Banners announcing ‘Aadi’ discount rates in loud colours have made their annual appearance in T. Nagar. About eight months after the Chennai Corporation and the Chennai Metropolitan Development Authority (CMDA) locked and sealed 25 unauthorised buildings housing popular shopping outlets, it is business as usual in the commercial hub of Chennai.
Shop owners moved the Madras High Court and later, the Supreme Court which ruled that they must be given a fair hearing before they were locked and sealed. In January this year, the Supreme Court ordered the unsealing of stores for Pongal festival.
The matter is still sub judice with the Madras High Court giving the State government time to announce its policy on the recommendations of the Justice S. Mohan Committee on regularisation of unauthorised buildings in the state. “The next hearing, scheduled for July 24, is awaited,” said S.R. Srinivasan of Rathna Stores.
Meanwhile, it’s time for ‘Aadi Sale’ (the Tamil month begins on July 16). In another week, big and small showrooms along Usman Road and Ranganathan Street will turn shopper-magnets, drawing thousands to the area every day.
From “lots of choice” and “tempting discounts” to “it’s festival time” — reasons abound for shoppers to indulge in ‘Aadi Sale’.
Fire safety thrown to winds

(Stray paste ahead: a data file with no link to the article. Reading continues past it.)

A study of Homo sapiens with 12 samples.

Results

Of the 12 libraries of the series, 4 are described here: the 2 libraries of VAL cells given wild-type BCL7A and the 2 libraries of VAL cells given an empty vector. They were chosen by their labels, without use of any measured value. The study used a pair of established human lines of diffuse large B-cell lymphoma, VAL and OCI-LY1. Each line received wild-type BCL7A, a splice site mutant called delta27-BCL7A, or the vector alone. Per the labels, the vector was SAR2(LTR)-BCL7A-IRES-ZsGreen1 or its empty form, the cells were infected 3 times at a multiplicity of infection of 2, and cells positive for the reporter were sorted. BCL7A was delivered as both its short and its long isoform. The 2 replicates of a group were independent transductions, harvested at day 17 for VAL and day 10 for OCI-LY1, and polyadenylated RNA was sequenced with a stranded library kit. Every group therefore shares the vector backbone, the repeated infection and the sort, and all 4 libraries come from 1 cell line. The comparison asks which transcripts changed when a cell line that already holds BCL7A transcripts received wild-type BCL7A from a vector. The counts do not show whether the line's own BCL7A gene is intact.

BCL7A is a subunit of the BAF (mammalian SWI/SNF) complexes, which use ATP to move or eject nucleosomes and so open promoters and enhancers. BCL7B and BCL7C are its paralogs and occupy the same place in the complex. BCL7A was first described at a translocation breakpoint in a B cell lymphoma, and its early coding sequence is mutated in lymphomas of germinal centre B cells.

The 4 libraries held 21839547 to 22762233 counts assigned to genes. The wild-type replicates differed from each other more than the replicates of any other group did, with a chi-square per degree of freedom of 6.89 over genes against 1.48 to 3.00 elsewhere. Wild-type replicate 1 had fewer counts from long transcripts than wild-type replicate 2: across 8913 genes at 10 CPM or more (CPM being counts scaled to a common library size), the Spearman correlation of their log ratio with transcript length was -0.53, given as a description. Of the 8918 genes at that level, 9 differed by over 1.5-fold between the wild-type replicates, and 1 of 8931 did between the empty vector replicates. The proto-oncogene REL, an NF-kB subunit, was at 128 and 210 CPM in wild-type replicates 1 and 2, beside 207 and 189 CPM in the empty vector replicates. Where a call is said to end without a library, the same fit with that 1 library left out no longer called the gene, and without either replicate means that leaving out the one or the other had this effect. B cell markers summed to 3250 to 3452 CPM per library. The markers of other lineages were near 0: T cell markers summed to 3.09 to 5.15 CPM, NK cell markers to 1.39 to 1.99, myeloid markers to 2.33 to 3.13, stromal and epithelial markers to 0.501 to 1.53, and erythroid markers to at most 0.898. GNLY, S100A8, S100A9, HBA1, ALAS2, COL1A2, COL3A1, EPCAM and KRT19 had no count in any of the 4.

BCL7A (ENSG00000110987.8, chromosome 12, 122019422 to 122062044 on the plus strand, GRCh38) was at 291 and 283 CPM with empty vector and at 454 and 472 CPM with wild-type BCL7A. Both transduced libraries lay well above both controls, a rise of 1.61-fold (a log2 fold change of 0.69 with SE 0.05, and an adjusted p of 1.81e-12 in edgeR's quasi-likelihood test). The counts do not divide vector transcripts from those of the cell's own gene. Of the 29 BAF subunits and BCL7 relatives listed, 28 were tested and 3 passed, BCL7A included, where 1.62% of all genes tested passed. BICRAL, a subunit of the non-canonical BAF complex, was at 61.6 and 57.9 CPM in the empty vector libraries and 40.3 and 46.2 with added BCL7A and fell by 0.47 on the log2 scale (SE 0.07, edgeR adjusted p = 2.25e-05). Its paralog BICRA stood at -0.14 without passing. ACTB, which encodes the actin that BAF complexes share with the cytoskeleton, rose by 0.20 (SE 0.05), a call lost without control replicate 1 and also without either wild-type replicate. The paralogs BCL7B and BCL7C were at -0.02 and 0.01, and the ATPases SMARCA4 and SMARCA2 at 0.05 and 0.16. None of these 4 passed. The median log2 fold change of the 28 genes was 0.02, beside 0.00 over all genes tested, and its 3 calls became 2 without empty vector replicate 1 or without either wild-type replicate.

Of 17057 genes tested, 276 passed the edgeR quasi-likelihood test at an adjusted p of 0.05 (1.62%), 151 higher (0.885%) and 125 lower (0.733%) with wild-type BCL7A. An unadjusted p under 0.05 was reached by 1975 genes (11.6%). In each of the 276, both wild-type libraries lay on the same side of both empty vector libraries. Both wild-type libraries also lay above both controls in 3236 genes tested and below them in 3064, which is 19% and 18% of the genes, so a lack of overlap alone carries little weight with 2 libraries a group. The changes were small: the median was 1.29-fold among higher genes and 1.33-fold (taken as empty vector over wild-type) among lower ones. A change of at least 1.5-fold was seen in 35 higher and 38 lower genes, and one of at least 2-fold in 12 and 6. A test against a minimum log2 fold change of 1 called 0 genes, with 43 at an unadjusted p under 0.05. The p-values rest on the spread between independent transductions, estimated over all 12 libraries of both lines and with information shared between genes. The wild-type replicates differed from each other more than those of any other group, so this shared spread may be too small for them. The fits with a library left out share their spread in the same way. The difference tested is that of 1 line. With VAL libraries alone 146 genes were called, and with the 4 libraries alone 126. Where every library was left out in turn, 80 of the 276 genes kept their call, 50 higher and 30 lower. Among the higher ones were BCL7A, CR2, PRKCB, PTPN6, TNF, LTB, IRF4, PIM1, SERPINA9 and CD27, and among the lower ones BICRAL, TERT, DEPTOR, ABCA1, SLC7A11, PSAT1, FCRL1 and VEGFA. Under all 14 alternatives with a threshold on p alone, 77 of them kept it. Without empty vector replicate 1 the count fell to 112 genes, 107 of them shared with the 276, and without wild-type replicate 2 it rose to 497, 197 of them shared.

But, what shoppers, perhaps, forget is that the noise around the shopping carnival suppresses crucial questions on fire safety. While some of the bigger showrooms have visible fire-fighting equipment, several of them are not completely equipped.
Last year, the Tamil Nadu Fire and Rescue Services (TNFRS), inspected over 100 buildings in the shopping hub and found that not a single building adhered to all the fire safety norms.
TNFRS also submitted a report to the CMDA in this regard. “I don’t think store owners have taken any significant steps to address this issue in the last few months. Things stand as they were,” a senior TNFRS official said.
Enquiries with electricians and carpenters engaged by the stores revealed that the stores continued functioning out of their old premises, without making any modification to the existing structure that was found violating building and fire safety norms. “Everything is smooth here and business is looking up,” said a worker employed by a popular apparel store on Ranganathan Street.
Asked whether steps were taken to address the lack of fire safety, Mr. Srinivasan, son of P.S. Rathnam Nadar, president of the Ranganathan Street Merchants Association, said: “All the stores are doing the needful to adhere to the rules.”
CMDA sources, too, pointed to the upcoming High Court hearing. An official said, “It is unlikely that store owners will do anything much to rectify the building violation now. They will wait for the hearing.”